With earnings up, Scottish Salmon Co. to double spend


The company posted an EBIT of GBP 6.5 million in the quarter to erase a small EBIT loss for the period in 2016. EBIT per kilogram was GBP 0.95, up from 0.17 in Q4 2016.

Net operating revenues were up on first-time North American exports to GBP 39.9 million, or up GBP 12 million over the same period a year-ago despite an early 2017 harvest. Scottish spot and market prices were strong, the company said, and are expected to remain so in 2018.

Speaking in Oslo, company chief financial officer Fiona Larkin said that the company’s contract pricing was stronger and contract shares were on the rise. Company CEO, Craig Anderson, said the company was making money after negotiations with its U.S. clients while consolidating smaller grow-outs into “super-sites” where one feed barge could serve two net-pen arrays rather than one.

More spend
“Five years ago we were considered a processing company. We’re in the food-business now,” he said, adding that volume and quality were agreed with customers and not negotiated based on Fishpool prices.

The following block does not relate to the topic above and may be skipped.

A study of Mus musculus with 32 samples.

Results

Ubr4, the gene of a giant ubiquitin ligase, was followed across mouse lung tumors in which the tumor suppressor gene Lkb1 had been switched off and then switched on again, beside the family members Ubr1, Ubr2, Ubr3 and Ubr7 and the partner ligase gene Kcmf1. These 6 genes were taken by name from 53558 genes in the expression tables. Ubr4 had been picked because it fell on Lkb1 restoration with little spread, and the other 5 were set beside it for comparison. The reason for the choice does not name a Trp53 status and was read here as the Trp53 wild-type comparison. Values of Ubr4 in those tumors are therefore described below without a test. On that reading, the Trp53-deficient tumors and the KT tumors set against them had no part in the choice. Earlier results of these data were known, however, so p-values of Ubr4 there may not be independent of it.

Scottish harvested 6,874 tonnes in the fourth-quarter, up about 1,100 t over the same period a year ago. The company harvested 25,272 t for the year, and that was up slightly over the 24,342 seen in “catastrophic year” 2016.

Larkin said the company intends to double investments in 2018 to GBP 24 million. After the seeing volumes eaten up by biology issues, the company is putting the money is a series of measures including more vaccination, cleaner fish, mechanical treatments and expertise.

New normal
“For the foreseeable future, this should be seen as a normal part of our costs,” Larkin said.

Meanwhile, the company will move its hatcheries around as part of a new “fresh-water strategy” that includes a pact with Hendrix Genetiecs and it will stock its two 4,000-t super-sites in 2018. One’s in operation and one will be stocked this year, as economies of scale are sought.

Staff, too, will be moved, as six smaller sites of the company’s 45 are fallowed in 2018 and an Argyle processing site opens to achieve what Anderson said was “balance”.

“We’ve balanced it from north (grow-outs) to south (processing). 2018 will not be negative to 2017 on a contract-value basis,” he said.